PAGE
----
Power reliability group questions EPA climate rule

The Obama administration’s plan to reduce carbon emissions from power plants could harm electricity reliability, according to the group tasked with protecting the country’s electric grid.

The North American Electric Reliability Corporation (NERC) appointed to ensure reliability and adequacy of power, said the Environmental Protection Agency (EPA) may have underestimated the rate at which power plants will shut down as a result of the new rules.


“The proposed timeline does not provide enough time to develop sufficient resources to ensure continued reliable operation of the electric grid by 2020,” NERC writes in its Wednesday report.

“More time for implementation may be needed to accommodate reliability enhancements.”

The EPA predicted that some coal-fired power plants would shut down because they would not be able to meet the new standards that states will have to enforce. But it expects other power sources, including natural gas, nuclear and renewables, to make up the difference, along with energy efficiency gains.

“Based on NERC’s initial review, more time would be needed in certain areas to ensure resource adequacy, reliability requirements, and infrastructure needs are maintained,” NERC said.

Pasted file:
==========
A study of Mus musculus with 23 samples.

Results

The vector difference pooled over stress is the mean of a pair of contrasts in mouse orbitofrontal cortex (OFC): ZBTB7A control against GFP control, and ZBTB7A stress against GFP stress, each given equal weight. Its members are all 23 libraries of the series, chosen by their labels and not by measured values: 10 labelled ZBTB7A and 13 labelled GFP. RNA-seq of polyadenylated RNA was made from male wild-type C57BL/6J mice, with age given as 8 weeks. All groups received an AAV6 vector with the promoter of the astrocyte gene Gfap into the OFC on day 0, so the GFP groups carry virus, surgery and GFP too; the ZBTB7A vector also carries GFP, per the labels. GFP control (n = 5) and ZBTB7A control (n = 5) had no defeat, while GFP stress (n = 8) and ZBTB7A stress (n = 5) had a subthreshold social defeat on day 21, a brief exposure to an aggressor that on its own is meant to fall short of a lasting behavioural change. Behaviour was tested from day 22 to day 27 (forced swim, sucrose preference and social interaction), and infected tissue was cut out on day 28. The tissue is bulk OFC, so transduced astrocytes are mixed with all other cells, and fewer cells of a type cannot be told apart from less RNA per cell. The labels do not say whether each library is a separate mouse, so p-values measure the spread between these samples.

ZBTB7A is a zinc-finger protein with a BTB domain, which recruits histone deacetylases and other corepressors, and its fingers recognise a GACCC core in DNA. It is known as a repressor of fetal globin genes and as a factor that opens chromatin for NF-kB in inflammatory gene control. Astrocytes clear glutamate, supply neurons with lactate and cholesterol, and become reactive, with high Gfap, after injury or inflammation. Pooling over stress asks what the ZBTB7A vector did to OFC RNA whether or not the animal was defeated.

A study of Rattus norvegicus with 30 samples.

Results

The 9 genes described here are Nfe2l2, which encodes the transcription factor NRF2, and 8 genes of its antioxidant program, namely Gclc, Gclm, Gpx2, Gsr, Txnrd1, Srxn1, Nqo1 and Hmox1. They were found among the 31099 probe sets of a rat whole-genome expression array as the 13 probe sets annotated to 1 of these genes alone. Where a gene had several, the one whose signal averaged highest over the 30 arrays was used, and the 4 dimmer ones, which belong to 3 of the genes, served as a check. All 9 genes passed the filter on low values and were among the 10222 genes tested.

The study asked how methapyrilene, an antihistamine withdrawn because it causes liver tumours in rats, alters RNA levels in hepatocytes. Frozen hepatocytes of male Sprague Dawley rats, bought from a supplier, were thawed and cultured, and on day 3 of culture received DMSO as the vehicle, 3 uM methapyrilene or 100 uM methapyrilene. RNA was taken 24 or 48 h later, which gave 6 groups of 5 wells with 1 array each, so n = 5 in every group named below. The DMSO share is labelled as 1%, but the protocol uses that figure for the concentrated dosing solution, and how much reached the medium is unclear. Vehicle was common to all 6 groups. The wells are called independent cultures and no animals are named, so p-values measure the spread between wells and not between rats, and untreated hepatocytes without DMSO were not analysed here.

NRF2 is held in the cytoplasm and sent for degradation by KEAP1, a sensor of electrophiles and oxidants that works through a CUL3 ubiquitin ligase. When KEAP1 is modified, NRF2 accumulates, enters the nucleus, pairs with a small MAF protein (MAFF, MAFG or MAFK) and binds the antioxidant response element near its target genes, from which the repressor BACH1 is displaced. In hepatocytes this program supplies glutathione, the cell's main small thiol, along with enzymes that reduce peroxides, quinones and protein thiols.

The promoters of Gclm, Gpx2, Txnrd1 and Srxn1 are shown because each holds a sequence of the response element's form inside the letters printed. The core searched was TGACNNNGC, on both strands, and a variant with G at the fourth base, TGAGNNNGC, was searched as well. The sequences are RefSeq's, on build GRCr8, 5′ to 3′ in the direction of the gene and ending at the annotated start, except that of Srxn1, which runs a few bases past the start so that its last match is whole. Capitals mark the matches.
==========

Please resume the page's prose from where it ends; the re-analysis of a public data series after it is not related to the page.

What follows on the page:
The report provided backing for what House Republicans have said for months: the EPA’s plan would hurt power consumers and businesses.

“EPA is seeking to eliminate one of our nation’s most abundant and affordable sources of power, but the administration has yet to provide honest answers about just how damaging the consequences will be for our nation’s power grid and our economy,” Rep. Ed WhitfieldEd WhitfieldKentucky Republican to resign from House House lawmakers urge Obama to forgo lame-duck TPP vote Ethics panel rebukes Kentucky Republican MORE (R-Ky.), chairman of the House Energy and Commerce Energy and Power subcommittee, said in a statement.

“We can’t afford to play a guessing game when it comes to energy reliability, and we will continue to do everything we can to ensure American businesses and families are not left in the dark,” he said.

The EPA defended its proposal.

“Our analysis finds that the proposal would not raise significant concerns over regional resource adequacy or raise the potential for interregional grid problems,” EPA spokeswoman Liz Purchia said in a statement.

“Any remaining local issues would be managed, as they are today, through standard reliability planning processes.”